Your campus, Your story
Before she began her own YouTube channel, Brighton senior Katie Haas would narrate to herself as if she was speaking to an unseen audience while putting on makeup.
“My sister would ask, ‘Hey, what’s going on in there?’ and I’d say “Oh, just doing my makeup,” Haas said. “I was like, ‘I should be filming this, because this is weird.”
Five years’ worth of videos and nearly 8,500 subscribers later, Haas, 21, has found that audience.
She balances the workload of a fashion and merchandising apparel major at Central Michigan University with her job as a YouTube partner with online beauty network StyleHaul. Haas’ many videos cover everything from back-to-school tips to makeup tutorials and “hauls” or shopping sprees.
With social media websites and viral videos becoming more and more prominent in the cultural landscape, an increasing amount of students across the country are taking to the Internet.
Haas said she believes personalities from sites like YouTube will become more prominent as time moves on, as she says they are more approachable than the seemingly unattainable celebrities seen occupying red carpets.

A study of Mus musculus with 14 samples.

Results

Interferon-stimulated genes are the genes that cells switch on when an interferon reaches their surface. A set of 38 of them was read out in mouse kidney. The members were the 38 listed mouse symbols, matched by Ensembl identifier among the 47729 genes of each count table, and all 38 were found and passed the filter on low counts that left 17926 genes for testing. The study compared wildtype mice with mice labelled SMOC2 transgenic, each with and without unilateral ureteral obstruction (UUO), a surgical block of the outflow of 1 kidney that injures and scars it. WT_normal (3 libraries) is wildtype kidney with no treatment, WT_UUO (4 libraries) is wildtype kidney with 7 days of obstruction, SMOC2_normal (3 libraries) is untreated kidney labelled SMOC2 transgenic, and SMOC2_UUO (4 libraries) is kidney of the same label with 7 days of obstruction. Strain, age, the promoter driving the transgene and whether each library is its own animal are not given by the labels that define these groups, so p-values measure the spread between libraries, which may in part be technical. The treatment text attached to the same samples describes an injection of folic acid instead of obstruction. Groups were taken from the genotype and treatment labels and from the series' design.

“They’re more relatable. It’s like, ‘They shop at Target too,’” Haas laughs.
Similarly, Macomb senior Matt Daly, 21, said he was surprised when people began commenting on and viewing his videos, which are often a collection of whatever jokes or stories fall out of his head.
“People just got it,” Daly said.
Daly’s channel, called ‘bipolarbananas’ has accumulated almost 8,000 subscribers, and made him a YouTube partner. He credits the videos for breaking him out of his shell during his high school years.
“I felt so awkward, but with the videos I felt like I could be myself,” Daly said.
He said he feels online content will become more common, and said he wouldn’t mind video making as a full-career, adding he’s also interested in directing music videos.
Haas said she’d like to make YouTubing a full-time career, though she said also wants to return to working in retailing, which she had done previously.
She said a plethora of fashionistas-in-training were making videos around the same time she started, which forced her to make content within her own style.
“Nobody wants to watch the same [type of] thing they’ve already seen five times,” Haas said.
Haas left off with advice for aspiring internet personalities, saying video makers need to be themselves and be mindful of trends and what the audience is looking.